Best layout software?

Thread Starter

JMD

Joined Dec 9, 2009
94
Basicly: Whats the best circuit layout software there is?

I need to layout some SMD-circuits, and i therefore need a good program for this. Ive used Eagle and CadInt alot before, but they lack components - and i dont want to hand-make components (not if its avoidable).

The program doesnt have to be free - but it doesnt hurt if it is ;)

Thanks in advance!
 

beenthere

Joined Apr 20, 2004
15,819
they lack components - and i dont want to hand-make components
Then the best might be the one with the largest component libraries, but only if they get frequently updated.

Electronics presents several cliff-climbing experiences: Basic electricity/electronics, Digital, analog, programming, and CAD.

As with programming, whatever you learned first tends to look best, as the effort was greatest. I have to admit that assembler does look better than punching in machine codes, but I can do everything with an old DOS CAD program.

But I am pretty good at making new library components.
 
Making new components is almost inevitable with any package that you use.

If another part has a similar decal/footprint you can copy it to the new part that you are making.

One easy check that we always did for new footprints was to print out the footprint and physically place your desired part on it to make sure it fits. It is not a perfect process but it can let you feel a little more at ease that the footprints are correct.
 

SgtWookie

Joined Jul 17, 2007
22,210
Blindly trusting libraries that were made by others is an invitation to get burned. You can wind up with quite a large collection of expensive coasters that way.
 

Thread Starter

JMD

Joined Dec 9, 2009
94
Then the best might be the one with the largest component libraries, but only if they get frequently updated.

Electronics presents several cliff-climbing experiences: Basic electricity/electronics, Digital, analog, programming, and CAD.

As with programming, whatever you learned first tends to look best, as the effort was greatest. I have to admit that assembler does look better than punching in machine codes, but I can do everything with an old DOS CAD program.

But I am pretty good at making new library components.
Ive been making quite a few components myself, its just booooring ;)
But yea, it needs to be something that gets updated frequently.



Are you asking about free software, or will your wallet support $12,000.00/seat commercial programs?
I have access to most programs (im a student).



Making new components is almost inevitable with any package that you use.

If another part has a similar decal/footprint you can copy it to the new part that you are making.

One easy check that we always did for new footprints was to print out the footprint and physically place your desired part on it to make sure it fits. It is not a perfect process but it can let you feel a little more at ease that the footprints are correct.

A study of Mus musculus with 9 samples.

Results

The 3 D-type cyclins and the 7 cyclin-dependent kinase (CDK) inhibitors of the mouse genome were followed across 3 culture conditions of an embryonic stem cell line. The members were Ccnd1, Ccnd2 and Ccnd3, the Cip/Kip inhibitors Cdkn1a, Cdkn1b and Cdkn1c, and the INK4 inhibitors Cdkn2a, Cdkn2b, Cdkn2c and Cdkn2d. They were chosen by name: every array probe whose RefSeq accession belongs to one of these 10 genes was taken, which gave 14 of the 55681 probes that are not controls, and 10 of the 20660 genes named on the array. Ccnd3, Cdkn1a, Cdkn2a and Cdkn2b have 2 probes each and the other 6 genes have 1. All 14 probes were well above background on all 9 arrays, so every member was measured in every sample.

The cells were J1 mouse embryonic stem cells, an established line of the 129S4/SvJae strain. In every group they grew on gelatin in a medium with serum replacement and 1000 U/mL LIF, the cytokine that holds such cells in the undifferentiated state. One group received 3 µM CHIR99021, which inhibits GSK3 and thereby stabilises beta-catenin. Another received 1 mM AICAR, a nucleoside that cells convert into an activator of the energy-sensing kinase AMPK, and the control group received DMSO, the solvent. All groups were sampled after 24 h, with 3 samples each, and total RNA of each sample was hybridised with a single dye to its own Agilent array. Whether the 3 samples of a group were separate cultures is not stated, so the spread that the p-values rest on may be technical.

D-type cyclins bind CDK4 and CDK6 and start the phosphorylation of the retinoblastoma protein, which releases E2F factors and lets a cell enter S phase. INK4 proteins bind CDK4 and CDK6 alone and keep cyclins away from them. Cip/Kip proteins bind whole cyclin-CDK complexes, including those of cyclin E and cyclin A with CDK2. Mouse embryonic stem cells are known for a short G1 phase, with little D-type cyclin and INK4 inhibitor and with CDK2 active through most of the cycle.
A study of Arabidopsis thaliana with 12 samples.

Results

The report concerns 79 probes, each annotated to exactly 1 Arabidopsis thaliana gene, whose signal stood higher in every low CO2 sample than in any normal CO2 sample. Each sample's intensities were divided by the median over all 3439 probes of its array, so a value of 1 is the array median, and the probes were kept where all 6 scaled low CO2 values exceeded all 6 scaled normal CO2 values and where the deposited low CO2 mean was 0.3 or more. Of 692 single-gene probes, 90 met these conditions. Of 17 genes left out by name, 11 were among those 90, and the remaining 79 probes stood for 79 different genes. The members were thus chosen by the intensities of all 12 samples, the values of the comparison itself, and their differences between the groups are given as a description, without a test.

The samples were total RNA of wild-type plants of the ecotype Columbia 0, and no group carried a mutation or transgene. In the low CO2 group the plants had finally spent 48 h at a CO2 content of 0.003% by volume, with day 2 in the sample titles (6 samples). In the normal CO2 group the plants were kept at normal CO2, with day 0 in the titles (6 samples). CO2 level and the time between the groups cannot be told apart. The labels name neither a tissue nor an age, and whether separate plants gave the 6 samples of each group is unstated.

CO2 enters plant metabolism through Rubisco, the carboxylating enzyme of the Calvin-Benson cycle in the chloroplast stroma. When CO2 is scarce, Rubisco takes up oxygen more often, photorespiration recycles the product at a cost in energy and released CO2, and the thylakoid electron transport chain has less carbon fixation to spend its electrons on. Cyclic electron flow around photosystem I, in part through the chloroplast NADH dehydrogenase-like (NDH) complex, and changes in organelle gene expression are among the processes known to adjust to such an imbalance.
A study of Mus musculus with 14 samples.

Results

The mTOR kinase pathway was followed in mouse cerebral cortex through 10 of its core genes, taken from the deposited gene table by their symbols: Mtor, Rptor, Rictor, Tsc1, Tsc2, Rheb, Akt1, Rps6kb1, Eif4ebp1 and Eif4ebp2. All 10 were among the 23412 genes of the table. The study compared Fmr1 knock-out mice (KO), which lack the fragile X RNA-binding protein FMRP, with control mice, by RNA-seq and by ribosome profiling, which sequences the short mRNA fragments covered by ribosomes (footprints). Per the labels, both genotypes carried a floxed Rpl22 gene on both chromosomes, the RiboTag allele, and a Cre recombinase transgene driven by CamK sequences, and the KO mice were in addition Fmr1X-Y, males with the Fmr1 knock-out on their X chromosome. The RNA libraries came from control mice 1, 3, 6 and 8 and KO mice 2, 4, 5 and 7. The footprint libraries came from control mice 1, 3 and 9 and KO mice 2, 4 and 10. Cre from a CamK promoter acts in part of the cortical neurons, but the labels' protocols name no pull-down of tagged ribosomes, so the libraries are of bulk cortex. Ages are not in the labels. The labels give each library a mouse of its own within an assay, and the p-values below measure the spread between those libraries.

If i can avoid it, i would prefer that! Spending time looking up dimensions in various datasheets, drawing new components and checking they fit - aint that funny.

Id rather just step right to the "let see if it fits"-part :D Like solving a puzzle, without first having to make the pieces.
 

ftsolutions

Joined Nov 21, 2009
48
This question is way too open-ended to be relevant - provide us with how much $$ your budget is, whether or not you are expert in *NIX workstations, and how long you plan to use the software/number of PCB designs you plan to do, and maybe we can offer reasonable suggestions.

If you are looking for something along the same price as Eagle or under $1K, there are a few options. If you're willing & able to spend up to $5K, there are some more good options with much more built in ability. If you go to the $10K+ per seat on a Unix workstation type system, there are still more. Some people are perfectly happy with a car like a Volkswagon Beatle, while others consider an Aston Martin DB5 a cheap runabout..
 

Thread Starter

JMD

Joined Dec 9, 2009
94
I plan to make a few PCBs - not a larger production. Gonna use about 10-15 components, where only a few arent standard size resistors etc.

There's no need to over-complicate it. I just want to know if some of you have some personal experience with some good layout software - thats all.


Gonna give it a look after some sleep (04:08 AM here (GMT +1)) - thanks.
 

SgtWookie

Joined Jul 17, 2007
22,210
Gee, you could've made ALL the library models for those few components in Eagle in the timespan this thread's been alive. ;)

Then there's that learning curve ... if you go to another product, you'll basically have to start from scratch again. Every tool has it's own quirks. It takes a while to get used to Eagle, but once you get the hang of it, it's pretty good. If you haven't used it for awhile, you wind up with that learning curve again.
 

hgmjr

Joined Jan 28, 2005
9,029
I agree with those who recommend you build your own mechanical package symbols. Relying on the symbols in the library is an expensive gamble.

hgmjr
 

beenthere

Joined Apr 20, 2004
15,819
Yep. If you are going to use a device, then you have to get the data sheet. The data sheet has the pad layout with proper dimensions. Simple to make the new component layout.
 

JMD

Joined Dec 9, 2009
94
Okay then :)

Any preferred software? I dont like CadInt (only got an OLD version from 1992), and adding new components is this, is just too much work.

Gonna give eagle a try - it got a fairly good UI.
 

Mike13

Joined Oct 29, 2008
4
There are student version of National Instruments Ultiboard/Multisim.

Multisim is circuit layout and Ultiboard is where you generate your PCB board..make gerber files to be sent to some PCB manufacturer to get your board made.

Another one I've used is Pspice..that one is very common among students.